Author: Alan Burdick
Source: from publisher for review
Summary: I learned some fun facts and mostly enjoyed reading this, but it was not well organized or cohesive.
‘“Time” is the most commonly used noun in the English language; it’s always on our minds and it advances through every living moment. But what is time, exactly? Do children experience it the same way adults do? Why does it seem to slow down when we’re bored and speed by as we get older? How and why does time fly?’ In an attempt to answer this question, author Alan Burdick ‘visits the most accurate clock in the world (which exists only on paper); discovers that “now” actually happened a split-second ago; finds a twenty-fifth hour in the day; lives in the Arctic to lose all sense of time; and, for one fleeting moment in a neuroscientist’s lab, even makes time go backward.’ (source)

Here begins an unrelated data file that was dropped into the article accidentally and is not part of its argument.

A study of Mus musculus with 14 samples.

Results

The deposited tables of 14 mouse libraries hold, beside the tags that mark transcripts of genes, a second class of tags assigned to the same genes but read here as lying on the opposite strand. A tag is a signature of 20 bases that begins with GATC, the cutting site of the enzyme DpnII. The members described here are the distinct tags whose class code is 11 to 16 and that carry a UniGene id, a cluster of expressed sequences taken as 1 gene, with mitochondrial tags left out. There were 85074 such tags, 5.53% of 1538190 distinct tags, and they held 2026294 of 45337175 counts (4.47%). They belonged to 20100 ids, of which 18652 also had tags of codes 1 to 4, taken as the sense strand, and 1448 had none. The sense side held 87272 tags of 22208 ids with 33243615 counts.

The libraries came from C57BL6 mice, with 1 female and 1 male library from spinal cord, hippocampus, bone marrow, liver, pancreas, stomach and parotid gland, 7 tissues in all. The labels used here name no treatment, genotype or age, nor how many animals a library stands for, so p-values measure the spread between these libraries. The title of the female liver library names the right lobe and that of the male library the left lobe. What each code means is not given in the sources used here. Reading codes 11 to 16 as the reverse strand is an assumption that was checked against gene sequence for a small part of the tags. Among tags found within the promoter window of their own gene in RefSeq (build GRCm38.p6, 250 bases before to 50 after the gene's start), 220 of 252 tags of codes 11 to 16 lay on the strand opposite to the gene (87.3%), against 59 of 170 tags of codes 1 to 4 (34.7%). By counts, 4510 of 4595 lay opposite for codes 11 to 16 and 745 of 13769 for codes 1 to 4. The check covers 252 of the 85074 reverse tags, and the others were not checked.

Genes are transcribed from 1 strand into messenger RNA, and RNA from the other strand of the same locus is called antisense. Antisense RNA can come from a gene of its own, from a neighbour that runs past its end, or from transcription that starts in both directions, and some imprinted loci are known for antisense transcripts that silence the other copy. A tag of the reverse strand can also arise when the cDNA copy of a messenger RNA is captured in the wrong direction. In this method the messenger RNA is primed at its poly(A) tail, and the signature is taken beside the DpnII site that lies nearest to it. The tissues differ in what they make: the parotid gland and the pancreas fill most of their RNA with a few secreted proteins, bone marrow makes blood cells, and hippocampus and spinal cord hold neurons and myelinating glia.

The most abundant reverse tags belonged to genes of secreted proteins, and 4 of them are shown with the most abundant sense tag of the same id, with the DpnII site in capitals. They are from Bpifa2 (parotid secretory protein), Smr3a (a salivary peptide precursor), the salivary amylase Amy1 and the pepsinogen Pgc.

There were two really great parts to this book – the fun facts and the author’s own experiences and musings on time. I loved hearing about the experiences he had while researching this book. The science parts were fascinating. Some of my favorite bits included the way global time is calculated; the fascinating research being done on how we experience time; and the way our perception can mislead us. I learned a lot and I enjoyed doing it.
The less good parts of this book were where the author tried to get philosophical about time. I didn’t find anything he said particularly profound. I also didn’t feel like he want anywhere with this line of thought. The organization of the book was also poor. There were a few sections that had cohesive themes ( a section that focused on circadian rhythms, for example), but other sections were all over the place. The book also felt repetitive to me, particularly the philosophical bits that covered the same points over and over throughout the book.
Overall, I enjoyed reading this book and it never dragged, so I would recommend it if you’re interested in the topic. However, if you’re looking for something philosophical, there are other books that I think have succeeded much better at addressing the big questions (Smoke Gets in Your Eyes, for example).